It’s not ‘cancel culture.’ It’s facing consequences.

Illustration by Lesley Becker/Globe Staff; Adobe; Globe File Photo

I don’t want to hear another word about the hostile overreach of “cancel culture” – not when Sean Spicer, who once propagated President Trump’s lies, is now failing even the most basic laws of rhythm on “Dancing with the Stars.”

I’m old enough to recall when “cancel culture” was better known as consequences. And Spicer, who was less a White House press secretary than a mendacity peddler, has faced no consequences at all. And he certainly hasn’t been cancelled. Since slithering off Pennsylvania Avenue two years ago, he’s written a book, was invited to appear on the Emmys by Stephen Colbert, and is now one of the “stars” on the popular ABC show.


So much for “cancel culture,” which generally means boycotting or ghosting someone who has said or done something racist, sexist, anti-LGBTQ, or otherwise deeply objectionable. When such people face repercussions, they’re the first to decry a world overrun by humorless unforgiving politically correct snowflakes on yet another witch hunt. (Did I get them all?)

That’s what’s been happening since Shane Gillis, hired last week to join the cast of “Saturday Night Live,” was fired this week for a documented history of anti-Asian and homophobic remarks. Fellow comedians are denouncing “SNL” and defending Gillis.

“Did they go back and also try and look back at good things the person might have done, or are they just looking for the bad stuff?” Bill Burr asked. For the record, Gillis made his most recent racist comments way back in 2018. And he said them on a podcast; they weren’t hard to find.

But, hey, who has time for facts when the pity party is in full swing? Besides, Gillis will be fine. White men usually are – just ask Billy Bush. In 2016, he was booted from his high-profile TV gigs after he was heard chortling with Trump about sexual assault on that leaked 2005 “Access Hollywood” audiotape. Now Bush is back on TV, and hosting a new show.


Gillis may not have a TV gig, but he already has a presidential candidate on his side — entrepreneur and enemy of neckties Andrew Yang. Before Gillis got dumped, Yang in a tweet said, “I do not think he should lose his job. We would benefit from being more forgiving rather than punitive. We are all human.”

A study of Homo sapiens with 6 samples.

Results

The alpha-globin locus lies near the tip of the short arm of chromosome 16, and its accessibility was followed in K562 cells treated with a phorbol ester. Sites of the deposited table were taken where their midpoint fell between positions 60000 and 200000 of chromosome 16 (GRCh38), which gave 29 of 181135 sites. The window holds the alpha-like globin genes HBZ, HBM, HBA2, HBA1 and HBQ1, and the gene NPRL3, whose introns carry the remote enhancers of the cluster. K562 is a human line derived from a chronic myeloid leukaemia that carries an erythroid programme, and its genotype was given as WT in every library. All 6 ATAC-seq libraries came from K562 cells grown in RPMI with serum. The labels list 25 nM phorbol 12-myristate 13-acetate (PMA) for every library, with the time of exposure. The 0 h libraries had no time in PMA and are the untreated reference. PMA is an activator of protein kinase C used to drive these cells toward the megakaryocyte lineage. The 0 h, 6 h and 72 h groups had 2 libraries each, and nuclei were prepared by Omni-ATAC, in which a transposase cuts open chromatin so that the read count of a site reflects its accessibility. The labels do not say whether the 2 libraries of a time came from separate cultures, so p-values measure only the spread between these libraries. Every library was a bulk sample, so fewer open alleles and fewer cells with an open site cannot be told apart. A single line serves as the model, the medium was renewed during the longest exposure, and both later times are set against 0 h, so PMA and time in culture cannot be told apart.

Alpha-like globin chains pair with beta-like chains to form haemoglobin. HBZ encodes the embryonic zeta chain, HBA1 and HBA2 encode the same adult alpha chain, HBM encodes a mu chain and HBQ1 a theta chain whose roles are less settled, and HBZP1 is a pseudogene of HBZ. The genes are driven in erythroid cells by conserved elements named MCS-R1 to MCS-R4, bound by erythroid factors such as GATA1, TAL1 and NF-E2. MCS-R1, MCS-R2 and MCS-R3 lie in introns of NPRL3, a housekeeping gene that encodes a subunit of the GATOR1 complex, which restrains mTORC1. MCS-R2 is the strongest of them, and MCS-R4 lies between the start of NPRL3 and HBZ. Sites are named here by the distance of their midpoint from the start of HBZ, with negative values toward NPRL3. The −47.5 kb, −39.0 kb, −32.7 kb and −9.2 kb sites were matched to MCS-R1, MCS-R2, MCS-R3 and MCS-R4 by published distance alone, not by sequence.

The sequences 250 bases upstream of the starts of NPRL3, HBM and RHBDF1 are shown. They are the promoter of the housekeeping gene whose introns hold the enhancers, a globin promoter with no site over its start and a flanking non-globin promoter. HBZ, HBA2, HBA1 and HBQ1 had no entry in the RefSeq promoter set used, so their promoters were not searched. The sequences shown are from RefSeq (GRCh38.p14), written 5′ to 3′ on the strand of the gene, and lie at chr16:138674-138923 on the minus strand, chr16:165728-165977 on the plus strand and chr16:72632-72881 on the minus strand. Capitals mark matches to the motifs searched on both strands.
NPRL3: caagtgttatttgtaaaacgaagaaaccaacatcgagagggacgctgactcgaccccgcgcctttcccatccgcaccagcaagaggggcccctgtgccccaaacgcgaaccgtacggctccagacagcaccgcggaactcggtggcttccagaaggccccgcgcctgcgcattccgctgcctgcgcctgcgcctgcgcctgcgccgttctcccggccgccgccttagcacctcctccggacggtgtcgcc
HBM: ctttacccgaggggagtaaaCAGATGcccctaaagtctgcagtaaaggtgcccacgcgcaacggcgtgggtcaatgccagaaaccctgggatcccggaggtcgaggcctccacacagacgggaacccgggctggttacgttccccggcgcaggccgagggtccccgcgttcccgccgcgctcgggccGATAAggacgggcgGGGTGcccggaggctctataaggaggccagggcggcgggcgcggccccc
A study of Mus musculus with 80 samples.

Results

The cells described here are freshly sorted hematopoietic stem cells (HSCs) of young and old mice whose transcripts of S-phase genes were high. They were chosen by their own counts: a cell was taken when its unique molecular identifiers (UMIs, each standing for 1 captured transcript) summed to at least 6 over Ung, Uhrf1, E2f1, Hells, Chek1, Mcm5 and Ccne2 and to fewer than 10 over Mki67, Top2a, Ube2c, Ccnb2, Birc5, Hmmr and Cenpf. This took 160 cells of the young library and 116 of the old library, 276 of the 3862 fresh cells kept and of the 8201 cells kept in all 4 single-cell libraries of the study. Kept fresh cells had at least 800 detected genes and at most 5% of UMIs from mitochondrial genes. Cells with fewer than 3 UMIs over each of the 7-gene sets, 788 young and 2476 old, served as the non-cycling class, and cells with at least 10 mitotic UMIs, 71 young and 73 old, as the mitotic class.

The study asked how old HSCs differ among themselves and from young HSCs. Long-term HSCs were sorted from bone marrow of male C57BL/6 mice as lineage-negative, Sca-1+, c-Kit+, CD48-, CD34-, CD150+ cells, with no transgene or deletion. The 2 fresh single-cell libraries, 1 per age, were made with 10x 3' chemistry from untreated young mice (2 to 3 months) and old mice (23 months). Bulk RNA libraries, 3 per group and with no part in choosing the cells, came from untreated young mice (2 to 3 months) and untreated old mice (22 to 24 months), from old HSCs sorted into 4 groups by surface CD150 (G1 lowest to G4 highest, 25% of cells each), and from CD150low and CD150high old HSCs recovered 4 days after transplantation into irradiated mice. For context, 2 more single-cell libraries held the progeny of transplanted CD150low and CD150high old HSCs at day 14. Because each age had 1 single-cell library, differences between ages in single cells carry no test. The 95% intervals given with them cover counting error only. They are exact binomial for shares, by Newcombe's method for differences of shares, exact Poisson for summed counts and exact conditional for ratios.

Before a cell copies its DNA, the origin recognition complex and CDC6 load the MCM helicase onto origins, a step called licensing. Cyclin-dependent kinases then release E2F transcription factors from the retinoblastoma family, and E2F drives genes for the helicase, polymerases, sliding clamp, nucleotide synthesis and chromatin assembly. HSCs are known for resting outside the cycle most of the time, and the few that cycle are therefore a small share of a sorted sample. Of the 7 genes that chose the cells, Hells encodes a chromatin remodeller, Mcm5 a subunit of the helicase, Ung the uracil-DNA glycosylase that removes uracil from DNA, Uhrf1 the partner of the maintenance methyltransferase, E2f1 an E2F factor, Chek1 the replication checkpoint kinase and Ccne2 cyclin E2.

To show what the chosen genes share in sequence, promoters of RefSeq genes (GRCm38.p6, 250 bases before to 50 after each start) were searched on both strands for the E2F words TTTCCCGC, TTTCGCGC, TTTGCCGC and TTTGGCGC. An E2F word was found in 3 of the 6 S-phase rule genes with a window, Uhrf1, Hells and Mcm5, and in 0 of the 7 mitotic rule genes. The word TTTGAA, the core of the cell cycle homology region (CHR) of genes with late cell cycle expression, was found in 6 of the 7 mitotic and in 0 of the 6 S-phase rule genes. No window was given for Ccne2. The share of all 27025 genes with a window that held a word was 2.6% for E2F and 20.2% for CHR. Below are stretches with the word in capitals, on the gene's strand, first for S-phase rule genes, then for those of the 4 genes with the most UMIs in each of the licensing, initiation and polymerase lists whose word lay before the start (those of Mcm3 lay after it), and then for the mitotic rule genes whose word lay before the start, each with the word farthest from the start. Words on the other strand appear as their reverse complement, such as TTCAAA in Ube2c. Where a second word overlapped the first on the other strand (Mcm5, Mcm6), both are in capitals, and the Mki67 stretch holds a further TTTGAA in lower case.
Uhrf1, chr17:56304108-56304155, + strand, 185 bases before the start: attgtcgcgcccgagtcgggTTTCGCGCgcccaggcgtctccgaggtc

Yes we are. And humanity demands that we treat each other with respect.

During a racist incident in my workplace years ago, people of color pushed back. A white male colleague lamented the passage of a time “when you could just say anything.” He didn’t recognize that those were miserable decades for women, people of color, and the LGBTQ community. You were expected to stay silent while your race, ethnicity, gender, or sexual identity was dragged to filth in front of your face. What was once OK for him was never OK for the rest of us.

Now these men, who believe simple common decency is a major affront to their manhood, can’t navigate a society where marginalized groups and their accomplices finally feel empowered enough to say “enough is enough.” As comedian Hannah Gadsby recently tweeted, “Pushing for a culture of respect is not the same thing as cancelling culture.”


Of course, pushing for a culture of respect is what got former NFL quarterback Colin Kaepernick cancelled in a way men like Bush, Spicer, and Gillis never will. Because he took a knee during the national anthem as a stand against racist police violence and racial injustice, he was effectively banned from the game. That’s what it really means to be cancelled — when billionaires collude to deprive a man of his livelihood.

Meanwhile, Spicer — the man who coined the term “Holocaust centers” — gets to continue his prime-time redemption tour. He may get voted off “Dancing with the Stars,” but he’ll never face cancellation for that podium two-step he once performed while gaslighting a nation.

Renée Graham can be reached at renee.graham@globe.com. Follow her on Twitter @reneeygraham.